Since about March, I have been on a bead looming kick. Meaning I made about three full pieces between my other projects this year. It's been nice to return to my beading roots after so many years. 13 year old me would be very proud.
Here is my original post on the topic of looming in warp threads:
Revisiting My Old Loom and A Warp Finishing Tip
And now, to bust that myth that beaders around the world agree on: Looming is too hard because warp threads are such a pain. Not true! Observe:
|Step 1: Cut your finished panel from the loom after tying in your working weft thread.
|Step 1 pictured with my illusion blocks bracelet.
|Step 2: Thread any warp thread on your needle. Skipping over the last weft, insert your needle BETWEEN the wefts on rows 2 through 9. Eight rows is adequate. Go through more if desired.
|Step 2 pictured with blue warps and red wefts. The needle is BETWEEN nine rows of wefts.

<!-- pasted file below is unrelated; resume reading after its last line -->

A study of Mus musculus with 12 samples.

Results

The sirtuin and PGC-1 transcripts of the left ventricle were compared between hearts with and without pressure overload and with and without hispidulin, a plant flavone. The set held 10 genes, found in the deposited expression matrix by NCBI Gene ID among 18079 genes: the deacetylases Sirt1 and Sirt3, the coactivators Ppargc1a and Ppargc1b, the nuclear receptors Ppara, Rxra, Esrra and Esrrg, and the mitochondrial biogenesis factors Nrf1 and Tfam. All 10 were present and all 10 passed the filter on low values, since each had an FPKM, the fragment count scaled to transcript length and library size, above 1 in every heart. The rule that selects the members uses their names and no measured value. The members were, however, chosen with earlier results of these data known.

|Step 3: Pull the warp thread tight. Repeat for all warp threads and trim close to the beads.
|Step 3 pictured. The warp thread becomes invisible and leaves a clean edge!
That's all folks! It's just that simple. Traditional methods have you weaving in each thread through a multitude of beads (and sometimes even breaking them with too many thread passes). Some have you weaving a selvage edge and covering it up in some manner. Others have you using the warps to string beads for various clasp closures. Some even have you pulling warp threads vertically one at a time, leaving little visible loops around every other edge bead. I've never liked any of those methods.
Here, you don't even have to pass through a single bead if you don't want to! Sometimes I will take the outermost threads and weave them towards the center so that the cut ends won't show, but that's it. No more broken beads! No more hours weaving in threads! No more hassle! No more cover ups! Just clean edges. The end.
Have questions? Please comment! This seems too good to be true, but I promise it's not. Happy beading!